Seeing as there seems to be a dollar store tucked in every other strip mall in Hernando County, you might think we have enough of them.
Doesn't matter. We're getting more.
Dollar General, which has about 10,000 stores across the country, is planning to open new outlets in Brooksville, Spring Hill and Masaryktown.
Family Dollar, meanwhile, has definite plans to open two Hernando stores next year — on Spring Hill Drive near Marble Avenue and on State Road 50, east of Brooksville — and company representatives have inquired about two other possible locations, said county planner Paul Wieczorek.
Any new stores would be added to the total of 13 Dollar General, Dollar Tree and Family Dollar stores already doing business here.
Does that make us a dollar store type of place? And is that what we want to be?
Similar questions came up a few years ago, after the construction of the county's third Walmart Supercenter and a Walmart-owned Sam's Club.
A lot of people in Hernando decided we didn't want to be known for having one of the highest per-capita concentrations of Walmart outlets in Florida, which is one reason for the near revolt that blocked the construction of a fourth supercenter in 2007.
At least we're not close to being the dollar store capital of the state — yet.
Citrus County, for example, has about 30,000 fewer people than Hernando but four more outlets of the three largest dollar store chains.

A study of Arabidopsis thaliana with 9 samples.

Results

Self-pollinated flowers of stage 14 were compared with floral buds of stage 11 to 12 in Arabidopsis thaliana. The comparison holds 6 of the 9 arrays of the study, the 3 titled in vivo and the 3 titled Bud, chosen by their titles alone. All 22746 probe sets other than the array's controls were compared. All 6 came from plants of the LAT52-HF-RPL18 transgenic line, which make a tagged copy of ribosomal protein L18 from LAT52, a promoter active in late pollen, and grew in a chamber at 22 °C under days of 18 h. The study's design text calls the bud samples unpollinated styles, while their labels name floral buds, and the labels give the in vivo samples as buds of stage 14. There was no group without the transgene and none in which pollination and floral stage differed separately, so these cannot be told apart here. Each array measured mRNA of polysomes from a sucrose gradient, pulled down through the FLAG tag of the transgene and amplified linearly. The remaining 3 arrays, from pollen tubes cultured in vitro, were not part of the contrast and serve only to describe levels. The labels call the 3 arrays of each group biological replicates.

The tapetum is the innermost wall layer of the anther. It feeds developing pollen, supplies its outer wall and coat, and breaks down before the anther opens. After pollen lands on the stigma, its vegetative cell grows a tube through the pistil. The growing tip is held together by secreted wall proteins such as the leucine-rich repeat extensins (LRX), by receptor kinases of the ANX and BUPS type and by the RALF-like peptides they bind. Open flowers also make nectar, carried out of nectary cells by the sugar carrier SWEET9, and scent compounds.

And the expansion of these chains is a national rather than a regional phenomenon — one that's based on the stores' evolving niche.
They now sell fewer plastic trinkets and more items people actually need, which I discovered when I stopped in at the Dollar General near the Times office on SR 50 recently and saw about half the floor space devoted to food.
If you, too, want to check out a dollar store, I bet you can find one in your neighborhood. And if you can't, just wait. There probably will be one soon, because that's the company's strategy — build them so there's one in just about everyone's neighborhood.
Family Dollar, for example, is adding stores at the rate of about 500 per year, and in surprising locations, including every borough of New York City and downtown Atlanta.
Which means either Hernando is in decent company or that this blight is spreading everywhere, which is kind of the way I see it.
Is this snobbery? Maybe a little. One Family Dollar store in Manhattan won't brand the place as the home of cheapskates. Five of them — the minimum we can expect here in the near future — can go a ways toward putting that label on Hernando.
And as much as shoppers might benefit from being able to buy the silo-sized (actually 25-ounce) can of Comet for $1 that I saw at Dollar General, I'm not sure the flimsy-looking $10 tool set was any bargain. If the tools break the first time you use them, it's just money down the drain.
But it isn't all snobbery. Retail doesn't generate as much value as, say, manufacturing. And when the retail operations are chains — no matter how upscale — a lot of this value is sucked out to corporate headquarters.
And having too many of one type of store — the drugstores at so many of our most visible corners, even our eight Publix supermarkets — takes variety from our consumer choices and our landscape.
I understand that people who are short of cash and reliable transportation might not have much choice but to shop at dollar stores.
The rest of us should keep in mind that every purchase encourages or discourages a way of doing business.
And if you think we already have enough dollar stores, you can always shop somewhere else.